A survey has found out that more than half of those students who are taking A-levels now are not going to continue education or are undecided about entering universities because they can’t afford the cost. Almost 47% of respondents said that they prefer going straight into work after getting their A-levels while 12% are still hesitating in their choice.
11% of those students who are planning to go straight for employment explains their decision by the desire to "start earning straight away", only 6% replied that university is just not for them while 67% claim that they "couldn't afford university due to the planned rises in tuition fees".
The number of universities and the amount of tuition fees that they are planning to charge differ between the Office of Fair Access and the Guardian. According to the first resource, starting from 2012 all 123 English universities and university colleges in England will charge £6,000. However, research conducted by the Guardian has revealed that almost three-quarters of them intend to charge the maximum fees, at least for some of their courses.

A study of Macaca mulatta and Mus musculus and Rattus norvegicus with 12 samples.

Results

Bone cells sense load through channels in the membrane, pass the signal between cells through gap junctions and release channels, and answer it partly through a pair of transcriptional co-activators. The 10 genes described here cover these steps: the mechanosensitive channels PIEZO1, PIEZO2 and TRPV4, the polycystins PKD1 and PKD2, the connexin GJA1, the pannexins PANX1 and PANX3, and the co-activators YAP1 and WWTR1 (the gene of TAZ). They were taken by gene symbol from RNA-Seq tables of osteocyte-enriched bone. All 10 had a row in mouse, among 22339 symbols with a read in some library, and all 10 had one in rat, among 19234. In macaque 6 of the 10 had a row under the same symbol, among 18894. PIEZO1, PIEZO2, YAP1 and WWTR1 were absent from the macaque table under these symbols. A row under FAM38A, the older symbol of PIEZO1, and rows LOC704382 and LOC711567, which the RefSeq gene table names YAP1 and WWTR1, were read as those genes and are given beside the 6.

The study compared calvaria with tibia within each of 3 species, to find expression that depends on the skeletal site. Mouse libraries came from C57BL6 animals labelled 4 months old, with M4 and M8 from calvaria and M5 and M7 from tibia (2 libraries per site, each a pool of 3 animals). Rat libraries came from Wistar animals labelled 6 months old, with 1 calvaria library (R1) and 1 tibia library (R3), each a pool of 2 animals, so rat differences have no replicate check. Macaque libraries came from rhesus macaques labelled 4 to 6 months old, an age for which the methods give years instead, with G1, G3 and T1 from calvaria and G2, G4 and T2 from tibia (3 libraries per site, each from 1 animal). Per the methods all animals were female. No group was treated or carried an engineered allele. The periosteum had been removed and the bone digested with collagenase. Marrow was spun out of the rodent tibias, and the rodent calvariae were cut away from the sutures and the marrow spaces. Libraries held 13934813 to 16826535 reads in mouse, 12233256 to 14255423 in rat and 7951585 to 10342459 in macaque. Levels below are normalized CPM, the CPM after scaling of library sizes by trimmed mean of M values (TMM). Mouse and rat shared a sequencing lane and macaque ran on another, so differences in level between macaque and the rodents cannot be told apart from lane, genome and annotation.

However, the poll by discount website MyVoucherCodes.co.uk found that students are not well-aware of the costs and 71% of respondents admitted they have no idea how much tuition fees cost.
A spokesman for the Department for Business, Innovation and Skills mentioned in his essay: "Ability to learn, not ability to pay will determine who studies at university in the future. No student will be asked to pay upfront costs, there will be more financial support for poorer students and those who go on to earn the highest incomes will make the largest contributions after they have graduated."